Aerodynamics modelling paves the way for improved yacht designs
As any experienced seafarer knows, good aerodynamics is the key to smooth sailing. In order to improve the design of sails, hulls, and masts, we need to better understand the properties of sail aerodynamics in a range of conditions.
At the University of Auckland, Stefano Nava, Stuart Norris and John Cater in the Faculty of Engineering are using NeSI computing resources to study the aerodynamics of high performance yachts.
“The fluid dynamics that characterises sailing yachts is extremely complex, due to the fact that the yacht is partly immersed in water and partly in air, with the flow being three-dimensional and turbulent,” the group notes in their latest paper, published in the International Journal of Heat and Fluid Flow. “Experimental and numerical studies have created a large body of knowledge of the physics of the problem, but at the same time have highlighted the limits to the predictive methodologies available for designers.”
Their paper compared two methods for modelling turbulent flow – Large Eddy Simulation (LES) and Reynolds Averaged Navier-Stokes (RANS) – to see if the extra computational resources required for the first method would enable a more accurate prediction of the aerodynamics of upwind sailing.
At first, the computational demands involved with this project posed a challenge. Complications with both the hardware and software components for their simulations led to performance issues and long wait times for results.
Jordi Blasco, a member of NeSI’s Solutions Team, stepped in to help. First, he created a short-term reservation on NeSI’s Pan cluster to provide a dedicated set of resources. He then found ways to improve the performance of simulation software Nava was using and the resilience of his workflow.
As a result, Nava’s computations were nearly five times more efficient and used less resources than expected, which freed up computational time on Pan for others.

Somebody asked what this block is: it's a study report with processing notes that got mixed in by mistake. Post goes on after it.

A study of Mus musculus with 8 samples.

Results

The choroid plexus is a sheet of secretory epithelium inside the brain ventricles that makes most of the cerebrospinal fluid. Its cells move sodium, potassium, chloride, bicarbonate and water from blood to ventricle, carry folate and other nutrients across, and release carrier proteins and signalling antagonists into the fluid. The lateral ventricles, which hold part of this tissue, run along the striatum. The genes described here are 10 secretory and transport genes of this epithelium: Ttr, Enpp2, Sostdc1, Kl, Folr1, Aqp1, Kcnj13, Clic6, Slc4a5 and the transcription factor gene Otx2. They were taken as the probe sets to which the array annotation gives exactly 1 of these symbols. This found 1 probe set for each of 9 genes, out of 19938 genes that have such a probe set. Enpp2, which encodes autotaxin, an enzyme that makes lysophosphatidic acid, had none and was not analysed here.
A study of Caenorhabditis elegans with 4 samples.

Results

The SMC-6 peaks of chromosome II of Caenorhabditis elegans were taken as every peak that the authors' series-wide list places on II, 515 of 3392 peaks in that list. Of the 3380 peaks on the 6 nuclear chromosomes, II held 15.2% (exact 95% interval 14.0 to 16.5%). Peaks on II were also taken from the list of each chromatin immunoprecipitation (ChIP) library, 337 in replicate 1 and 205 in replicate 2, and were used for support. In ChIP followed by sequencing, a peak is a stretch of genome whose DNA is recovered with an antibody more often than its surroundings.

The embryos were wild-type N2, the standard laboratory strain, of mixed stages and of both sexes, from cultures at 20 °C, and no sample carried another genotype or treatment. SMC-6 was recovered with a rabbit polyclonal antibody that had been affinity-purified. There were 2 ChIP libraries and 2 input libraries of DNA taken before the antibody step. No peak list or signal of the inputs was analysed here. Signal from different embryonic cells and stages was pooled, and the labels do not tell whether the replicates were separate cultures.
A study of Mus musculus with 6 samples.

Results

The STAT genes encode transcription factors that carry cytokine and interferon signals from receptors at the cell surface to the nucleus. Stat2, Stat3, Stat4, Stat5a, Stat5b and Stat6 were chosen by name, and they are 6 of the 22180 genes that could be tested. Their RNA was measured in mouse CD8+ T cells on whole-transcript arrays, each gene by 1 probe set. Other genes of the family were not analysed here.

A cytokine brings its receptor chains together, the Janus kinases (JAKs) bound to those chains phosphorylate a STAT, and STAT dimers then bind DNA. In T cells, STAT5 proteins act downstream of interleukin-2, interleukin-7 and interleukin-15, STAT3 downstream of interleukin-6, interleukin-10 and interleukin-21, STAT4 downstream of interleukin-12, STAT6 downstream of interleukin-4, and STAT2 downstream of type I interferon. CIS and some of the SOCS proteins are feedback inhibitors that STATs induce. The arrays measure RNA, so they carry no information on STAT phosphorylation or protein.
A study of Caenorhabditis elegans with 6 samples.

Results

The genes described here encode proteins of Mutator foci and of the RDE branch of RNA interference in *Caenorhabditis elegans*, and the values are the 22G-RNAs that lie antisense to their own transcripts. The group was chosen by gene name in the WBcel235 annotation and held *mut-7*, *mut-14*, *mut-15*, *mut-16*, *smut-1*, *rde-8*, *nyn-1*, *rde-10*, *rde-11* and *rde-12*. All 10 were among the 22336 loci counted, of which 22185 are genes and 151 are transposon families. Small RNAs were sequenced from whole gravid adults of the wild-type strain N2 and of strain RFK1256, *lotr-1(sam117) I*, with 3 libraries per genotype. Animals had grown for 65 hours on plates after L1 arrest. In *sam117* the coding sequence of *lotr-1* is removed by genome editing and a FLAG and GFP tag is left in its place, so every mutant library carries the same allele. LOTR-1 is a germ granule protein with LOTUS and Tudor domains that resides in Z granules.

“Given that Stefano had already spent weeks of computing hours on this project, the 500% efficiency improvement meant a lot, not only for him but for other users of the Pan cluster as well,” said Blasco.
Thanks to these adjustments, Nava was able to compute and collect the results he needed. The simulations were compared with experimental data previously gathered in the wind tunnels of the University of Auckland’s Aerodynamics Laboratory.
Ultimately, when they compared the LES and RANS results with their experimental data, they found the LES model’s capabilities to be superior.
“In both cases the LES model has been shown to be able to predict the correct pressure distribution for this separated flow, while the RANS simulations shows less accurate results,” their paper stated.
These results add to the growing body of work studying yacht aerodynamics. The researchers are continuing their study into the more demanding case of modelling downwind sails such as spinnakers, to be presented at the INNOV’SAIL conference this June in Lorient, France. Organised by the Cité de la Voile Eric Tabarly and the French Naval Academy Research Institute, INNOV’SAIL is an international forum for the presentation and discussion of the latest scientific and technologic research and its application in the field of high performance yachts and competitive sailing.
“Access to supercomputing resources is critical to advancing this field of study,” says Norris. “Without computational resources such as the Pan cluster at NeSI, we would be unable to use accurate, yet computationally demanding, predictive methods such as Large Eddy Simulation. It is currently not possible to use the methods on a desktop computer, due to their large CPU and memory requirements. The use of the methods enables a better understanding of the flow around yacht sails, enabling the design of faster yacht sails.”